Milk, yoghurt and cheese eaten in exclusive ceremonies around Stonehenge feasts, say archaeologists

By Ben Miller | 13 October 2015

Evidence from settlement where Stonehenge builders lived suggests well-organised community feasting

A photo of a large prehistoric settlement once used by builders near the site of Stonehenge
Experts in York compiled a detailed picture of food and cuisine near Stonehenge© Mike Parker Pearson
Milk, yoghurt and cheeses could have been seen as “exclusive” foods or eaten predominantly in public ceremonies around the time Stonehenge was built, according to archaeologists using pottery and animal bones to analyse food from organised feasts during the 25th century BC.

New evidence from Durrington Walls, a late Neolithic monument and settlement site where the builders of nearby Stonehenge are thought to have lived, shows that pots in ceremonial spaces mainly carried dairy produce. Barbeque-style roasted pork and beef was detected in the chemicals of cooking vessels found in residential areas from the period.

“Animals were brought from all over Britain to be barbecued and cooked in open-air mass gatherings and also to be eaten in more privately organised meals within the many houses at Durrington Walls,” says Professor Mike Parker Pearson, the University College London Professor who is the Director of the Feeding Stonehenge project.

“The special placing of milk pots at the larger ceremonial buildings reveals that certain products had a ritual significance beyond that of nutrition alone. The sharing of food had religious as well as social connotations for promoting unity among Britain’s scattered farming communities in prehistory. ”

“This new research has given us a fantastic insight into the organisation of large-scale feasting among the people who built Stonehenge.”

Together with researchers at the University of Sheffield, Parker Pearson’s team found “very little” evidence of plant food preparation across the site. They say mass animal consumption – particularly of pigs who were killed before reaching their maximum weight – presents “strong evidence” of planned autumn and winter slaughtering ahead of feasts.

“Evidence of food-sharing and activity-zoning at Durrington Walls shows a greater degree of culinary organisation than was expected for this period of British prehistory,” says Dr Oliver Craig, of the University of York, the lead author on the new paper in archaeological journal Antiquity.

“The inhabitants and many visitors to this site possessed a shared understanding of how foods should be prepared, consumed and disposed. This, together with evidence of feasting, suggests Durrington Walls was a well-organised working community.”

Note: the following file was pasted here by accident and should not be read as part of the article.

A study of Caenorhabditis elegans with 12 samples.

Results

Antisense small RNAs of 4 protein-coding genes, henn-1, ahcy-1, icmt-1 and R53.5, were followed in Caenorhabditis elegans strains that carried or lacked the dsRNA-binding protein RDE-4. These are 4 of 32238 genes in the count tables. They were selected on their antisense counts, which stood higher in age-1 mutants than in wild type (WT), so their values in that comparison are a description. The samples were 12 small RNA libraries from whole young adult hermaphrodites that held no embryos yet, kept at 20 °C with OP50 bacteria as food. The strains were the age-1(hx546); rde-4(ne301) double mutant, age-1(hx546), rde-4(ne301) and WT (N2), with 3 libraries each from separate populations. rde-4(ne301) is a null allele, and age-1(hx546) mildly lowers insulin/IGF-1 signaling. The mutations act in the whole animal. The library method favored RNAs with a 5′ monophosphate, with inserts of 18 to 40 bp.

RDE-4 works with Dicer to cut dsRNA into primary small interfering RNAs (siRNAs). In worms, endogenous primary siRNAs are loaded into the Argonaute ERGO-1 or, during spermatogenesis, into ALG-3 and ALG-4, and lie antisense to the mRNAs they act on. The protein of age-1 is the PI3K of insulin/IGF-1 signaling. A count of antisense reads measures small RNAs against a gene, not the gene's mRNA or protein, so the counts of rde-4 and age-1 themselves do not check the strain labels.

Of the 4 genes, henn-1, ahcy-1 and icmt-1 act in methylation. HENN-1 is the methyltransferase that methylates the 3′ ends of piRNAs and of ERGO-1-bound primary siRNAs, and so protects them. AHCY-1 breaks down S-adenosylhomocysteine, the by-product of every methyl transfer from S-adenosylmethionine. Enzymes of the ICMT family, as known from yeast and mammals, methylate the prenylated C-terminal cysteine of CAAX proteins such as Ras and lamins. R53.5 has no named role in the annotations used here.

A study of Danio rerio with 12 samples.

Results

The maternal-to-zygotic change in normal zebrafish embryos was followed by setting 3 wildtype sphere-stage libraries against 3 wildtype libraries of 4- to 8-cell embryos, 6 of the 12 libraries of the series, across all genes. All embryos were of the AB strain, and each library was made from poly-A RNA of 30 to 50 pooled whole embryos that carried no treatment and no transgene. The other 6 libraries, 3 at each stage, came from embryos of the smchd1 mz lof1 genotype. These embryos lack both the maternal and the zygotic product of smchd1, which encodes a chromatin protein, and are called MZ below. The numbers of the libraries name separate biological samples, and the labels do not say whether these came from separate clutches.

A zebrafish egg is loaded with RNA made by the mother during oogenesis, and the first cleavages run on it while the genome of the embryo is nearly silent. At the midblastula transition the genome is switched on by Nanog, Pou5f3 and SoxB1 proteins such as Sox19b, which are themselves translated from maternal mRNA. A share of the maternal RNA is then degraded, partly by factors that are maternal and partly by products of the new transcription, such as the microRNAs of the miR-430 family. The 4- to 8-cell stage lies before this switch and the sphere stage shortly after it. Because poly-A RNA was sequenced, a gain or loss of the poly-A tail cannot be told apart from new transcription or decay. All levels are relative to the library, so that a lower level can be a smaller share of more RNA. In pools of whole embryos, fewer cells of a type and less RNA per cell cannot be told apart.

Feasting in the time of Stonehenge

  • The main method of cooking meat is thought to have been boiling and roasting in pots – probably around indoor hearths.

  • Larger barbeque-style roasting was found to have taken place outdoors, evidenced by distinctive burn patterns on animal bones.

  • Bones from all parts of the animal skeleton were found, indicating that livestock was walked to the site rather than introduced as joints of meat.

  • Isotopic analysis indicates that cattle originated from many different locations – some far away from the site. This suggests a large number of volunteers were likely to have been drawn from far and wide.

  • The patterns of feasting contradict suggestions of a slave-based society where labour was forced and coerced.


Stonehenge - English Heritage, Amesbury
Surrounded by mystery, Stonehenge never fails to impress. The true meaning of this ancient, awe-inspiring creation has been lost in the mists of time. Was it a temple for sun worship, a healing centre, a burial site or perhaps a huge calendar?

Wiltshire Museum, Devizes
Founded more than 150 years ago, the museum preserves the rich archaeological and historical treasures and records of Wiltshire, including the World Heritage Site of Avebury and Stonehenge.

The Salisbury Museum and Wessex Gallery of Archaeology
Home of the Stonehenge gallery, Warminster Jewel and famous Monkton Deverill gold torc, as well as displays of prehistory in Early Man; Romans and Saxons; the medieval history of Old Sarum and Salisbury (with the renowned Giant and Hob Nob); the Pitt Rivers (father of modern scientific archaeology) collection; ceramics and costume; a pre-NHS surgery and Turner watercolours.